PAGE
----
Second Opinion on My Diabetes Please

My diabetes diagnosis has not been a smooth one. From the get go, the way my symptoms came on just didn’t seem right for a Type 2 diabetes diagnosis. The way I didn’t respond to typical oral meds or other T2 drugs and how a keto diet keeps my blood sugar in the high 7’s and 8’s instead of down where I need to be in the 5’s and 6’s. It all screams “not T2”.

In fact, the more adults that are diagnosed with T1 that I talk to (LADA folks), the more my story sounds like theirs. I have so many people say, “you sounded like me!” that it’s pretty crazy.

When my internist called me after having patient talks with her colleagues and said she was going to go with T2 even though there are a lot of things that doesn’t sound like a typical T2, I decided I wanted to exercise my right of a second opinion. Especially since she wanted to pull me off insulin and put me back on oral meds because I’m “type 2”. I’m finally starting to feel better, have more energy and loving life again so you want to put me back on metformin which not only didn’t work but made me horribly sick?

No fucking thanks.

Another LADA patient in the Netherlands told me to try an internist up at her hospital in Leeuwarden. I didn’t get her internist assigned, but on Thursday (6 June 2019) I had my appointment and even though it’s literally a trip to the end of the earth, I’ve got to say it was pretty refreshing to be treated like a human and have my symptoms, not my potential type, be discussed.

The Second Opinion

First, when I go back up to have my vitals taken again for my patient record, they’re probably going to congratulate me on my great weight loss. I’ve been sticking around 111kg but chose to wear combat boots (they’re new so I’m trying to break them in before a festival next month) and jeans. So my weight was 116kg. Oops, that wasn’t well planned out!

Next I met the internist. She was a lovely lady who actually listened to what I had to say, took symptoms into consideration, was interested in the technology I’m using to control my diabetes, didn’t berate me for wanting to stick on insulin vs. going back onto oral meds, and is retesting what Almere has done.

She also said if I end up having to be diagnosed T2, they do have T2s on pumps. It’s just a bit longer of a process than with a T1 for insurance purposes. That’s wonderful because Almere doesn’t even want to try.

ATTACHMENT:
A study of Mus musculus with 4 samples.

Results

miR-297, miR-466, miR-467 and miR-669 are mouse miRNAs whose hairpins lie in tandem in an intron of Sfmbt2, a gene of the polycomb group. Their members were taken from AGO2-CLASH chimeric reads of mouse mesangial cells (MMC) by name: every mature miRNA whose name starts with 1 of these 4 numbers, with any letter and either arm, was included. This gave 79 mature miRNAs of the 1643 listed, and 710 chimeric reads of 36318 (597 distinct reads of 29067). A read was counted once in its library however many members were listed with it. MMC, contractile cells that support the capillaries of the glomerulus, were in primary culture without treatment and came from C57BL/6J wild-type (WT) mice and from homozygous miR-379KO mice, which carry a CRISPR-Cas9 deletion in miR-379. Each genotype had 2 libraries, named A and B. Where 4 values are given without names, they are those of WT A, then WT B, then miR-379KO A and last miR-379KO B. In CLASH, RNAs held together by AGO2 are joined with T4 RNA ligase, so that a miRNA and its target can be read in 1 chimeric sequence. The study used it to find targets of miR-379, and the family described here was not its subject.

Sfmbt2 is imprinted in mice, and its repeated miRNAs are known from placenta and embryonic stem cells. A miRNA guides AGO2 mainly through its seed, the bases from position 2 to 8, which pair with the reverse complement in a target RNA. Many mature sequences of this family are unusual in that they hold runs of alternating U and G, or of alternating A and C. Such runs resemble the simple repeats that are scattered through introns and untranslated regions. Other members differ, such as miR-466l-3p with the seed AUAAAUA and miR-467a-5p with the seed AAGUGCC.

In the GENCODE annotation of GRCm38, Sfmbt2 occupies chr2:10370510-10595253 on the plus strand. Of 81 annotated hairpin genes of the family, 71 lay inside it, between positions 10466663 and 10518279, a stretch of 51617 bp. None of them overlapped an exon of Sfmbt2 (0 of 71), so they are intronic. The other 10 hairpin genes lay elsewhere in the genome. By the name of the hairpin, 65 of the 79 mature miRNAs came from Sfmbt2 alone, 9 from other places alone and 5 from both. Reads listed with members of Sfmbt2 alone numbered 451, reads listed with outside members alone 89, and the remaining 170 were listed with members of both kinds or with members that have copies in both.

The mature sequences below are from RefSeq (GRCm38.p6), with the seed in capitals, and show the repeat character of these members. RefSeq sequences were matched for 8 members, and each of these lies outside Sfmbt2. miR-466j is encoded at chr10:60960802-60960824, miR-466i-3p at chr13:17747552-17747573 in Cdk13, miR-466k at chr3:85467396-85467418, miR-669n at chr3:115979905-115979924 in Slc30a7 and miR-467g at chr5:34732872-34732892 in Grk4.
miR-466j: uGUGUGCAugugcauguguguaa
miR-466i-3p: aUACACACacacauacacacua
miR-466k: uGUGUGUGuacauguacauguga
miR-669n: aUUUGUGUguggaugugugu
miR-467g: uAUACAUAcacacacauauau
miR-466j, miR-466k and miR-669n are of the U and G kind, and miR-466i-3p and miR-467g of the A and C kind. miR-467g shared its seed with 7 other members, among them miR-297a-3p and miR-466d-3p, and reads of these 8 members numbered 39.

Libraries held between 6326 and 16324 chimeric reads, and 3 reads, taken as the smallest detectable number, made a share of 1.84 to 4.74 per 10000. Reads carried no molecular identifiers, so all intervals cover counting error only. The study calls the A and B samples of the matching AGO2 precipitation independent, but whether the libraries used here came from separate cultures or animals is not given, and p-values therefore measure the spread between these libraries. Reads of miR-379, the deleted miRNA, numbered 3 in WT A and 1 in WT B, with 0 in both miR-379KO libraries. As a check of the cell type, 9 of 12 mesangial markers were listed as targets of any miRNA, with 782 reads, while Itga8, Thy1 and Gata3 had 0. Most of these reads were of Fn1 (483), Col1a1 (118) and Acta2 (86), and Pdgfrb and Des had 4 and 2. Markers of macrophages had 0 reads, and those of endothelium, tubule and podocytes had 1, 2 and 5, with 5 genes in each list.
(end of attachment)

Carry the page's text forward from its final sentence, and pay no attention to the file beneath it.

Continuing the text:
One thing I did find interesting is she thought my A1c was a little too low for her liking BUT she actually explained why. Since I’m on insulin, if I’m on the low end of normal most of the time the chances of feeling hypos becomes less. Well, I already don’t really feel hypos, especially when exercising since I already have an exertion headache, but I can understand where she’s coming from.

Funny how that is when things are actually explained?

Something else she wasn’t happy with is the fact that my cholesterol from back in January was too high. That’s one of the things she’s retesting and if it’s still high I have to take something to bring that down. I requested anything but statins and she was agreeable to try something else first. If it doesn’t work I’ll have to go on statins for a very short time before being able to go on to something else due to insurance (it’s still evil, no matter where you live).

Then of course she’s also redoing the antibody and c peptide tests. It looks like this will be a random c pep since I didn’t have to do it fasted.

Finally, I’ll be getting an appointment with the diabetic nurse, especially since it looks like the basaglar probably isn’t the long acting insulin for me due to the problems I’ve been experiencing with staying too high at night but waay too low during the day. It didn’t even dawn on the dn here in Almere that the type of long acting insulin might be a problem.

So all I can do now is wait for my next appointment and see what lays in store. However, it seems a lot more promising than it did here locally!